The Spurs manager can make no excuses for Manchester City's 6-0 demolition of Tottenham on Sunday, and may even need to fundamentally rethink his approach to coaching, writes Richard Jolly.
Andre Villas-Boas will own this particular failure
There are times when a defeat is so comprehensive and so chastening that there is no point pleading mitigating circumstances. Injuries, ill-fortune and decisions, the usual excuses from the managerial handbook for deflecting blame, are rendered irrelevant. Carping about one goal misses the issue when there are so many others.
Andre Villas-Boas understood as much. Humiliated by Tottenham Hotspur’s joint record Premier League defeat, he cut a humble figure after the 6-0 thrashing at Manchester City on Sunday.
It brought to mind Sir Alex Ferguson’s demeanour after his Manchester United lost 6-1 to City in October 2011 and Arsene Wenger’s approach when Arsenal were demolished 8-2 at Old Trafford two months earlier.
After 37 and 27 years in management respectively, each suffered the heaviest defeat of his career. So, too, did the rather younger Villas-Boas.
These were freakish scorelines, a perfect storm for the losers. The challenge is to ensure an entire campaign is not capsized in 90 awful minutes.
As in much else, Ferguson and Wenger are role models: after their historic lows, United went on to record 89 points and Arsenal secured their prized top-four finish.
And, as it has been since Tottenham finished fifth last season, that remains the minimum requirement for Spurs. The problem for Villas-Boas is not merely that, unlike Ferguson and Wenger, he is not charged with repeating past exploits but with taking a team further than he has before, but that City’s evisceration of his side seemed to cut to his very core, both personally and professionally.
This felt personal. Indeed, it often does; the visceral dislike many took to Villas-Boas at Chelsea also seemed personal.
He is not a man who can distance himself from events, especially as Tottenham is very much his project. If he was given grace in a transitional year last season, now this is his team and his tactics.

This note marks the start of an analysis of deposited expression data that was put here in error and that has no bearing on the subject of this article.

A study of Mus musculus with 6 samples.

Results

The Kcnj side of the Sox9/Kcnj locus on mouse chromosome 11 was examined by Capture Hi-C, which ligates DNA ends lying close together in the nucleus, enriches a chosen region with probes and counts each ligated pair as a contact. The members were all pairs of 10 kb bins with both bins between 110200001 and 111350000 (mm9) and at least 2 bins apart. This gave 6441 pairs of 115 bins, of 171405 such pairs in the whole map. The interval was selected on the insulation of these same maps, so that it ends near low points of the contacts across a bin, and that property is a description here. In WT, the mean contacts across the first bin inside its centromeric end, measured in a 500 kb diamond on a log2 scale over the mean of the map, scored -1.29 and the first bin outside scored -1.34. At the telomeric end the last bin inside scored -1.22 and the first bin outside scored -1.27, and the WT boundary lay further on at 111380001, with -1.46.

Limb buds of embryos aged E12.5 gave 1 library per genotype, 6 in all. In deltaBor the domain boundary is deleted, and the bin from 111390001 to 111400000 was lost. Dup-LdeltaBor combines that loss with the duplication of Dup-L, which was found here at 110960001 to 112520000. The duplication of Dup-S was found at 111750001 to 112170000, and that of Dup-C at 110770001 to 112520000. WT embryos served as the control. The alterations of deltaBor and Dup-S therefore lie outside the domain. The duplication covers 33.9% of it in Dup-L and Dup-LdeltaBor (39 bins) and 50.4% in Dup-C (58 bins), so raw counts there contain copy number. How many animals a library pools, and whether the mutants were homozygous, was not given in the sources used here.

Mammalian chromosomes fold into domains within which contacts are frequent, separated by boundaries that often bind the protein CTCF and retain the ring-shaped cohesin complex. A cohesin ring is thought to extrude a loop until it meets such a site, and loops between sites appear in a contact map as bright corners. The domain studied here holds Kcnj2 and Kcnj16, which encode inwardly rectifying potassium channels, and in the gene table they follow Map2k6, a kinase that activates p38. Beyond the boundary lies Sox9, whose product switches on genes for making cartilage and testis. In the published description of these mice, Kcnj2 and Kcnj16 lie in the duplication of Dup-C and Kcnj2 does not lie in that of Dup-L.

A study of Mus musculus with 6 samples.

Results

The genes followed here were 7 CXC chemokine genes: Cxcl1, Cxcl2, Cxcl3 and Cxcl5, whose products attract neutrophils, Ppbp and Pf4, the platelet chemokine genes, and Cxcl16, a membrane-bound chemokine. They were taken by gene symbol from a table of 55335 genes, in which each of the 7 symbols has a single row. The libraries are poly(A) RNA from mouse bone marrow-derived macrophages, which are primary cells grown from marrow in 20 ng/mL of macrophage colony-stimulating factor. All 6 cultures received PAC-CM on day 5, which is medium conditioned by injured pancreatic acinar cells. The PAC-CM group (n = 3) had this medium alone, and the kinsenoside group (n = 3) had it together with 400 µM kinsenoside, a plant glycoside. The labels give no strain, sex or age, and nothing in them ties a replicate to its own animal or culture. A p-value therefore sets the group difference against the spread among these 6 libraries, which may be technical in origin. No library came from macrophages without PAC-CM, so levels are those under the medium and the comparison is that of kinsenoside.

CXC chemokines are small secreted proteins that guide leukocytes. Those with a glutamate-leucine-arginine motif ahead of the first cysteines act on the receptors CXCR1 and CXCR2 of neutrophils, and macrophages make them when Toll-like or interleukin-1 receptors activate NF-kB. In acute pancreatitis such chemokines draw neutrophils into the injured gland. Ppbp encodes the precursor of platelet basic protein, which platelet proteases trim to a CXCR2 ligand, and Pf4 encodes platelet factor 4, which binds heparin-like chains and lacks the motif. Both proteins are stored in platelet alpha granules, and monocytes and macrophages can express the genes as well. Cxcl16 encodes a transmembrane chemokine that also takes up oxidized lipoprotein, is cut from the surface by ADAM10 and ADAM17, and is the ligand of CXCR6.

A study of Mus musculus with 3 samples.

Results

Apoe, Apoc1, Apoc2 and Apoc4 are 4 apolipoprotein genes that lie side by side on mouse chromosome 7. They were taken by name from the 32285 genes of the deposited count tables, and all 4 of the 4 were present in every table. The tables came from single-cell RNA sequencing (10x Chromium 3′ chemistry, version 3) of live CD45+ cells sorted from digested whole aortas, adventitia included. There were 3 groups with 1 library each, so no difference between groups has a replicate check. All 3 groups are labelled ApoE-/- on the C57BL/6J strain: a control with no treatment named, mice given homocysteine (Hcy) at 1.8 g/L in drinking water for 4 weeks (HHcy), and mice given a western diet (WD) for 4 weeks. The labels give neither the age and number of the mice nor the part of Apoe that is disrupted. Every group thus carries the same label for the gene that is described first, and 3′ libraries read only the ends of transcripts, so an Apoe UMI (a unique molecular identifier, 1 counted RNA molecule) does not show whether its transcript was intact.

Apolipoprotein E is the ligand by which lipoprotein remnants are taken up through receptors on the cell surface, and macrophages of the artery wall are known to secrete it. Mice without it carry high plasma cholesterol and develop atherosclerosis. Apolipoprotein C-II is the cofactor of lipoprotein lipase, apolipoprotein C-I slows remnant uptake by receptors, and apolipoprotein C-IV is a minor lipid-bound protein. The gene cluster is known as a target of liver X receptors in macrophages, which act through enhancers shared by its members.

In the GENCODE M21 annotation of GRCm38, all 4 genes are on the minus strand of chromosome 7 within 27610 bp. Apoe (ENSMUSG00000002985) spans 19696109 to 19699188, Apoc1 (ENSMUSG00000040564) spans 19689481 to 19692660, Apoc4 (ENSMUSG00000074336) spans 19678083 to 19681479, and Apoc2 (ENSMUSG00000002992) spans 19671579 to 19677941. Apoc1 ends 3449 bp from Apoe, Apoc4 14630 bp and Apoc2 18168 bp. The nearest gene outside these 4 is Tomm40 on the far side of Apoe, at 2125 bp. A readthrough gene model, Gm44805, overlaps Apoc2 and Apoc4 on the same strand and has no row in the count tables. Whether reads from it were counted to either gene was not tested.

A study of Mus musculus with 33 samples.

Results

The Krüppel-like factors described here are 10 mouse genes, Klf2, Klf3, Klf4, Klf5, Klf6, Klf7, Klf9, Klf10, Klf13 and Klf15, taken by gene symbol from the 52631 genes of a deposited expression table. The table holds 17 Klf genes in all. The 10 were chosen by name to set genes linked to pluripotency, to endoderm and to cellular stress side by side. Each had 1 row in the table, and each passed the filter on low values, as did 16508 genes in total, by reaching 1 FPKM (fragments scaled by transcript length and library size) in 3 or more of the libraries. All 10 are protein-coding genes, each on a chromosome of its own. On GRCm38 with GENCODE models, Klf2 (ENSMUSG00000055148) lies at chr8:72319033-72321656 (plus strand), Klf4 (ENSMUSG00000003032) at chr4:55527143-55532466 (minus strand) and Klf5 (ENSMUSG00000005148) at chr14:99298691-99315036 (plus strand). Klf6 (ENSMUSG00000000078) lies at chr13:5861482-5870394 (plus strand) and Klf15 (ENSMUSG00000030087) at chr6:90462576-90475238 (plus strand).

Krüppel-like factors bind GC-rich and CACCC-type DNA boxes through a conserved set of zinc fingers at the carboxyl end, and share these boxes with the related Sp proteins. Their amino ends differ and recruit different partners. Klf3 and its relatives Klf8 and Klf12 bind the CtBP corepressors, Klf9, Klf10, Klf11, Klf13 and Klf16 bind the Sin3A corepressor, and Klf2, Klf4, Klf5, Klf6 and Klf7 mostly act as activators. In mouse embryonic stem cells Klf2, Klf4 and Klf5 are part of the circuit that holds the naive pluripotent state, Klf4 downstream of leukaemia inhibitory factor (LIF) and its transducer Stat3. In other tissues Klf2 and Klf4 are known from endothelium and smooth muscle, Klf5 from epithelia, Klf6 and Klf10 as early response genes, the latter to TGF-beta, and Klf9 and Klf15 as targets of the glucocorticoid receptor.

Equipped with eight new signings and having spent £110 million (Dh654m), programmed to play Villas-Boas’ high-energy pressing game, this ought to be the year the managerial wunderkind justifies the predictions of greatness that have abounded since his extraordinary unbeaten season with Porto.
Instead, he spent much of his post-match press conference at the Etihad Stadium questioning a fundamental tenet in his philosophy and wondering whether it is time to abandon his cherished 4-2-3-1 formation and adopt a more British 4-4-2.
The logic is obvious: Tottenham, England’s biggest spenders, are the Premier League’s third-lowest scorers and have only struck six times in open play, the last on October 20.
The sense is that Villas-Boas believes pressing and possession should automatically result in clear-cut chances and goals; the evidence is that it does not.
If he no longer knows his preferred system, the feeling has long been that he does not know his best team. It was bemusing that, having paid a club record £30m for Erik Lamela, Villas-Boas waited until the end of November to give him a Premier League start. Yet it is also odd that Spurs’ three finest wingers all want to operate on the right.
That Roberto Soldado, previously the most expensive buy, has a solitary league goal in open play, is a further indictment. If City, in Alvaro Negredo, bought a classier Spanish striker, it is worth remembering Soldado struck 30 times for Valencia last season.
He is hardly helped by Villas-Boas’ decision to select Lewis Holtby, competent but uncreative, in the No 10 position where invention is all-important.
The broader picture, which is far more worrying than a scoreline that looks like a one-off, is of a team, and indeed a squad, that is less than the sum of its considerable parts.
In most places, Tottenham have bought well yet, rather than propelling them forward, recruitment appears to have complicated matters and confused Villas-Boas’ thinking.
He is left looking less like a managerial mastermind than an obsessive scientist forever changing the chemicals in his search for a potent formula and getting further away from the desired elixir.
When Spurs are struggling to score and sitting in ninth, the simple thing is to say they are missing Gareth Bale and, of course, there is an element of truth in that.
Yet, in one respect, Sunday was a microcosm of Tottenham’s season. Because, with their expenditure, Villas-Boas should know there is no excuse for failure.